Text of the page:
St. Kitts' Baby Sister
By Leslie Koch
Resting only a few miles apart in calm Caribbean waters, St. Kitts and Nevis have always shared an intimate relationship. Today, that relationship finds St. Kitts as one of the Caribbean's premier travel destinations, while the smaller island of Nevis offers plenty of great activities for day tripping tourists. Though St. Kitts remains a superior resort destination with more tourist opportunities, the islands have much in common. For starters, both islands feature dormant volcanoes at their center, each surrounded by lush rainforests with miles of hiking trails. Furthermore, as St. Kitts and Nevis represent former colonial outposts with economies once dominated by successful sugar plantations, both islands possess an incredible array of historic architecture. Lastly, as most visitors to the Caribbean take great interest in the beaches and the recreation opportunities provided by the Caribbean Sea, tourists will find plenty of warm, clear water and powdery sand wherever they travel.
Rising over 3,200 feet above the Caribbean Sea, Nevis Peak dominates the landscape of St. Kitts' sister island. Similar to Mt. Liamuiga at the center of St. Kitts, Nevis Peak is surrounded by lush trail-filled rainforests and diverse plant and animal life. As a result, hiking and biking in the shadow of Nevis' dormant volcano are two of the most popular activities for day-tripping tourists. With tours available for every age and skill level, visitors can spend a few hours experiencing the unspoiled beauty of Nevis and learning about her vibrant Caribbean ecosystem.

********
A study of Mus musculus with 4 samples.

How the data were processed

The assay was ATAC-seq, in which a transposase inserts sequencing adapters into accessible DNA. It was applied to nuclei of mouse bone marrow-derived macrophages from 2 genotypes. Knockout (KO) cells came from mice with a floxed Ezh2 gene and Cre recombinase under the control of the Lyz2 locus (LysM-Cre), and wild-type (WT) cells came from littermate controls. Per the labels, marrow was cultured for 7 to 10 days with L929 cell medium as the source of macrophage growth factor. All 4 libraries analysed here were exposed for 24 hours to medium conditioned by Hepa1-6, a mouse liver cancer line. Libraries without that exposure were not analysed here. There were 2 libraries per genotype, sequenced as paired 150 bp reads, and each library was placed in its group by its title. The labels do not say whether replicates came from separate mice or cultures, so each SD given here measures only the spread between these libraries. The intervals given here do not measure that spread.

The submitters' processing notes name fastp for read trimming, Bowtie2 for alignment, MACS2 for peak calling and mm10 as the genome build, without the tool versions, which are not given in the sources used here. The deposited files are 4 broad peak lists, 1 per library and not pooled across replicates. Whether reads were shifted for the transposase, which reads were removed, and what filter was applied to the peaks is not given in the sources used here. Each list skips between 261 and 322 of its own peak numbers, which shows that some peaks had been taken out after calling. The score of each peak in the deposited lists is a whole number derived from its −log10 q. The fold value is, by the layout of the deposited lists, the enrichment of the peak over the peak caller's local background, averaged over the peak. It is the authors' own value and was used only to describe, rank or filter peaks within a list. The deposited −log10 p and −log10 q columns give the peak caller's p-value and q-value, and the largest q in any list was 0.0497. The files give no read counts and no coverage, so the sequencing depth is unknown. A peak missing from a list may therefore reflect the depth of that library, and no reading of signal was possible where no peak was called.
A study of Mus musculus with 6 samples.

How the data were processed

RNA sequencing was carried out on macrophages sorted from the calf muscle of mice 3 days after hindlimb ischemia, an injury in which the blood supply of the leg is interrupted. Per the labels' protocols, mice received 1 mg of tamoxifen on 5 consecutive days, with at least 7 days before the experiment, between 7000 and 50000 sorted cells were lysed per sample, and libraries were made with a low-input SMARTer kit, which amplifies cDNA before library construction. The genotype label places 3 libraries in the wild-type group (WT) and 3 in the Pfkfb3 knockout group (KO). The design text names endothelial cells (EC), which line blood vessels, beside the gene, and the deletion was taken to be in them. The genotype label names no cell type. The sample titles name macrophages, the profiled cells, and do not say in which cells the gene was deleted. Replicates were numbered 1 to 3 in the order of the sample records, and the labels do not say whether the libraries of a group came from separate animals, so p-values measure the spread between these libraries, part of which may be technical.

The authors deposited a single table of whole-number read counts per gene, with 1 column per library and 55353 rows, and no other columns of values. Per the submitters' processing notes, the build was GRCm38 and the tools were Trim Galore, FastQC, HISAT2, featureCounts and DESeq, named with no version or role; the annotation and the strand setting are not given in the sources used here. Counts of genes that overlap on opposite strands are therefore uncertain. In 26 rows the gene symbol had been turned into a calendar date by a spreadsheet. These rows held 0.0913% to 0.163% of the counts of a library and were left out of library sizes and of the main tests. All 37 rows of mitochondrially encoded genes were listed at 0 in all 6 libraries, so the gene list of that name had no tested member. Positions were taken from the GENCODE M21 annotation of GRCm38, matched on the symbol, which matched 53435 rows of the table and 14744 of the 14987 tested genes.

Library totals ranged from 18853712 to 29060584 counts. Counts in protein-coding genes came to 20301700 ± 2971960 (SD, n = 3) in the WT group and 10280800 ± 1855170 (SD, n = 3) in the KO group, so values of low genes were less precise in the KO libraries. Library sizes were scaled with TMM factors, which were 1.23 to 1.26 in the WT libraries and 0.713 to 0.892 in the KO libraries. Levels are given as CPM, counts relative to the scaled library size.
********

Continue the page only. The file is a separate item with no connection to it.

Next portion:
Scuba divers and snorkelers will also want to spend an afternoon on Nevis, enjoying pristine coral reefs and ship wrecks. As only 2 miles of Caribbean waters separate St. Kitts and Nevis, many of the best diving tours visit the most popular sites surrounding both islands. Many of the other water sports popular on St. Kitts can also be found on Nevis. A number of tour operators cater to deep sea fishermen and wind surfing enthusiasts, with many offering lessons for those new to the adventurous pursuits. After spending some time in the water, many day-trippers spend their afternoons relaxing on Pinneys Beach - one of the Caribbean's most beloved stretches of sand.
If you would rather spend your day on land experiencing Caribbean history, there are plenty of sites worth visiting on Nevis. Much like the historic city of Basseterre on St. Kitts, much of the activity on Nevis revolves around the island's colonial capital - Charlestown. Walking the streets of this quiet city, you will see charming remnants of the island's history around every corner - from Anglican churches and the Caribbean's first hotel to elegant plantation homes and the childhood residence of an American founding father, Alexander Hamilton. Elsewhere on the island, you can spot the remains of the once-bustling sugar industry in the form of 18th century plantations, windmills and mansions.
As St. Kitts sister island is close enough to be visible from the beach, a short ferry ride is all that is required to access the small island of Nevis. For many visitors, the 45-minute ferry ride itself is a memorable activity, as the trip provides exceptional views of both islands and the crystal-clear waters of the Caribbean Sea. Furthermore, as the ferries operate daily from the early morning until the evening hours, it is easy to spend the afternoon on Nevis and return to St. Kitts for the superior dining and nightlife.
Additionally, many tour companies operate on both islands, making it possible to find activities on Nevis through your resort on St. Kitts.
When in St. Kitts, try to make the short voyage across the Caribbean to Nevis. Though St. Kitts may feature superior resorts and recreation opportunities, it is hard to deny the charm of St. Kitts' little sister.